Advertisement

Archive for Sunday, June 24, 2007

Fire victims get record state payout

June 24, 2007

Advertisement

Sandy Meyer and her dog survived the Boardwalk Apartments fire with the help of Jason Rose, who assisted her down the apartment building stairs. Meyer has since received victims' compensation from the state.

Sandy Meyer and her dog survived the Boardwalk Apartments fire with the help of Jason Rose, who assisted her down the apartment building stairs. Meyer has since received victims' compensation from the state.

One of the worst fires in Lawrence history has set a state record for crime victim compensation.

By the end of June, almost $80,000 will have been awarded to victims of the October 2005 Boardwalk Apartments fire. A jury convicted Jason Allen Rose on May 11 of setting the fire. Rose was sentenced Monday to 10 years in prison.

"We just don't see a lot of incidents similar to this where there are 12, 15 or more people injured at the hands of one individual," said Frank Henderson Jr., director of the Crime Victims Compensation Board in Topeka. "Generally, (claims) involve one single crime where there is one person injured, possibly two and three at the maximum."

When the fire struck, many of the residents in the 78-unit apartment building were without health insurance and racked up thousands of dollars in medical expenses and lost wages. Family members of those who died - Jose Gonzalez, Nicole Bingham and Yolanda Riddle - also are eligible for funeral expense reimbursement. Bingham's mother, Nancy Bingham, has applied and been compensated for the funeral, Henderson said.

A funeral claim filed by Maria Gonzalez, Gonzalez's sister, is pending, and Henderson is confident it will be paid.

Established in 1978, the Crime Victims Compensation Board is an arm of the attorney general's office and assists victims of violent crime with funds up to $25,000 per victim for medical costs, counseling, funeral expenses, lost wages and dependent economic loss.

Lawrence resident Sandy Meyer and her husband, Ronald Belisle, received about $1,100 to help with medical bills and lost wages after the fire. The couple lost everything they owned, including one of their cats, in the fire.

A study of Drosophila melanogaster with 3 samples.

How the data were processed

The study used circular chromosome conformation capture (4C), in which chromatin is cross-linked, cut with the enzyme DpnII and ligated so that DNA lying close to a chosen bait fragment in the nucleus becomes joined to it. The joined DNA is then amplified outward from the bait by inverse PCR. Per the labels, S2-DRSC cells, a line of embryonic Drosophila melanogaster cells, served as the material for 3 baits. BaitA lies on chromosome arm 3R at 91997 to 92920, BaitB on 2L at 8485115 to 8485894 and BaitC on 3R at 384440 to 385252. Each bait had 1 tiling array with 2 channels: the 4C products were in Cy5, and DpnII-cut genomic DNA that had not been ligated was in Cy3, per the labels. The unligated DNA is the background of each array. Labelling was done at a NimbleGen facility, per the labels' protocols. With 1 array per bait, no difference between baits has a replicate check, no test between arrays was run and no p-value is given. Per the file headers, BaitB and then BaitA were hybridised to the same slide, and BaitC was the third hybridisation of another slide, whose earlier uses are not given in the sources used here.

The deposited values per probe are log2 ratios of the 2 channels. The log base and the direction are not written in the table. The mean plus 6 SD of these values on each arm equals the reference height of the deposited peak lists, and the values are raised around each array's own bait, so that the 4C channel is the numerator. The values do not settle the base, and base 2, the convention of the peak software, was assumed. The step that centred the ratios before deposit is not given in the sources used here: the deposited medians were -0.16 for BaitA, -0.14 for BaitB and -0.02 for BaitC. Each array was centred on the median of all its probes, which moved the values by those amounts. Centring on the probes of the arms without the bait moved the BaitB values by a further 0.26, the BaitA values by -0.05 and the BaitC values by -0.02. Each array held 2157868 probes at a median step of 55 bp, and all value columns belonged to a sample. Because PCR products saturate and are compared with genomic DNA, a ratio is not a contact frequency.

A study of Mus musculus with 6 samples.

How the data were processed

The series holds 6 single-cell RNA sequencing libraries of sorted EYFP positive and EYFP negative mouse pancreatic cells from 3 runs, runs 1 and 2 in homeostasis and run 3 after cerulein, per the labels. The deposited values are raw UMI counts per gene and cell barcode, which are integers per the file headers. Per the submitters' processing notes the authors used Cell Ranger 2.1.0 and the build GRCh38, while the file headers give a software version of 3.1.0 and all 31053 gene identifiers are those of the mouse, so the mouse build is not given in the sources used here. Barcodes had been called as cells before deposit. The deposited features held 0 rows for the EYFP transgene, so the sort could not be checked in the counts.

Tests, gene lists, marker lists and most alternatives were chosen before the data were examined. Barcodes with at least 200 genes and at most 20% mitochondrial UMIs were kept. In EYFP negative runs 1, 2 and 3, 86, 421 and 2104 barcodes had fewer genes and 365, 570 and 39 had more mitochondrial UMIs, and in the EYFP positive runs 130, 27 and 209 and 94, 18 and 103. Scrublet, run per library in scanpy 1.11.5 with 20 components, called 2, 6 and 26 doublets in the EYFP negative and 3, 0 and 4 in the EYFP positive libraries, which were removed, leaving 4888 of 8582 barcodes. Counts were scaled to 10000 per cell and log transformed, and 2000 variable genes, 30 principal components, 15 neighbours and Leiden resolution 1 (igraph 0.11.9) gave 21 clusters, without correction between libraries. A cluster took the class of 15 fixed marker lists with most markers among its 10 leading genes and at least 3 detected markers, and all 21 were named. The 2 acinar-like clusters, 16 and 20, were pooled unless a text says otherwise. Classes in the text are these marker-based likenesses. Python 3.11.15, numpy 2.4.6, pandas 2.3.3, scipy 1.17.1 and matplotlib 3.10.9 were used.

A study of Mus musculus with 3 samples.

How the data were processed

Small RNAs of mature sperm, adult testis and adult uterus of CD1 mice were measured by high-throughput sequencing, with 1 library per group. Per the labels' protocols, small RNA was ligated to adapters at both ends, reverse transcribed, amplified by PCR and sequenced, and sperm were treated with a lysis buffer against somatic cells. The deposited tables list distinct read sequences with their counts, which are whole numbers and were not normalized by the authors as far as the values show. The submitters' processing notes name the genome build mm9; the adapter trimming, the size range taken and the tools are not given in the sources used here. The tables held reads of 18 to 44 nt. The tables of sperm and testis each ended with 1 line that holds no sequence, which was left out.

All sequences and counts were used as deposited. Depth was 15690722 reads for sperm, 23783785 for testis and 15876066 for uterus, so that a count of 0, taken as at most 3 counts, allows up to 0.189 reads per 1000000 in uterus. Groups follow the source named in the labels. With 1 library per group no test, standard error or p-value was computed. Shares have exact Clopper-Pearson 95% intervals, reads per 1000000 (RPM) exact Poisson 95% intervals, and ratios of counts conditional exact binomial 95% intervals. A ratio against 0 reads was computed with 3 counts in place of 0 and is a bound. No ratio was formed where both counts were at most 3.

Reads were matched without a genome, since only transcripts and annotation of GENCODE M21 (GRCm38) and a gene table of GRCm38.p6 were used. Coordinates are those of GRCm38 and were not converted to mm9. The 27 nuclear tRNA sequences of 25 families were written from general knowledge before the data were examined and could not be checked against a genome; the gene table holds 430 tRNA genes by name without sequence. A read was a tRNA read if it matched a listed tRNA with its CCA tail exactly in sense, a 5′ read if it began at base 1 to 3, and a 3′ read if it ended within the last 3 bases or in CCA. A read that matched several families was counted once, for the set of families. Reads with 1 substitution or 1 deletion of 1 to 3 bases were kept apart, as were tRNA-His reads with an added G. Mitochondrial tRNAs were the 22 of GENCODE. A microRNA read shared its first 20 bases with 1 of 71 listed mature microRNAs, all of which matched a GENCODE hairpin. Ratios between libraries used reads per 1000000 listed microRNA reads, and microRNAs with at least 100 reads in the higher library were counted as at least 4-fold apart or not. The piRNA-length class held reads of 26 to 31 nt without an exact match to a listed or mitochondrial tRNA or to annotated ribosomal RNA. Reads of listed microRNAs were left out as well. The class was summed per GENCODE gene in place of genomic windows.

Belisle, 57, broke his arm jumping from a landing, and Meyer, 65, suffered smoke inhalation that further damaged her weak lungs. Before the fire, she had 40 percent lung capacity. It is now about 11 percent.

Meyer didn't know the board existed until a letter arrived in the mail a few weeks after the fire.

"We were very surprised : and it was fast," she said. "The money for his lost wages really helped us."

To apply for compensation, victims of violent crime must submit an application detailing their experience. Forms can be downloaded from the attorney general's Web site, www.ksag.org, and are available at district attorney offices.

In most cases, it takes two to three months for victims to be compensated.

When a claim is filed, the board's two investigators consult with police and district attorneys and examine crime reports, medical bills and other documents.

Interviews with the victims and witnesses also are conducted.

"It would be difficult to fraud the system because everything is verified that a crime did indeed take place and the individual must be what we consider to be an innocent victim of a crime," Henderson said.

The money the compensation board pays victims does not come from Kansas taxpayers, but from offender-based sources. Fines and penalties from district courts throughout the state amount to a little more than $2 million a year. The board also receives a U.S. Department of Justice grant, which is a percentage of federal court fines and penalties given to states.

Two of the 12 victims in the Boardwalk Apartments fire received the maximum of $25,000.

The three-member board, appointed by the attorney general and confirmed by the Legislature, meets monthly to review cases and determine money awarded.

Rita Noll, chairwoman of the board, said she spends one weekend a month reviewing cases before the board meets.

"I can only read so many at a time before I just have to stop and do something else and then come back to it," said Noll, a Topeka lawyer. "You never see happy endings to these applications when people are victims of crime.

"It's one thing seeing it on the news," Noll said, "but then when you sit down and read about what these victims went through, that's when it's really tough."

Comments

compmd 7 years, 6 months ago

"When the fire struck, many of the residents in the 78-unit apartment building were without health insurance and racked up thousands of dollars in medical expenses and lost wages."

I think its great that there is a fund to help victims of crime. I think its also great that the state manages is quickly and efficiently. But I do find it very sad and disappointing that we, as a nation and as a society can't figure out health insurance.

jayhawks71 7 years, 6 months ago

I don't think the problem is that we, as a nation, cannot figure out health insurance. Health insurance is a smokescreen for the real problem... the cost of healthcare! Our society is often so tied up with applying band-aids, which is what health insurance really is. If you think about the laws our legislators pass, they are analogous to patching holes in a water pipe; instead of actually replacing the pipe, we keep patching it. Get the costs of healthcare down and the talk of health insurance, which is akin to playing a slot machine, nearly disappears.

Commenting has been disabled for this item.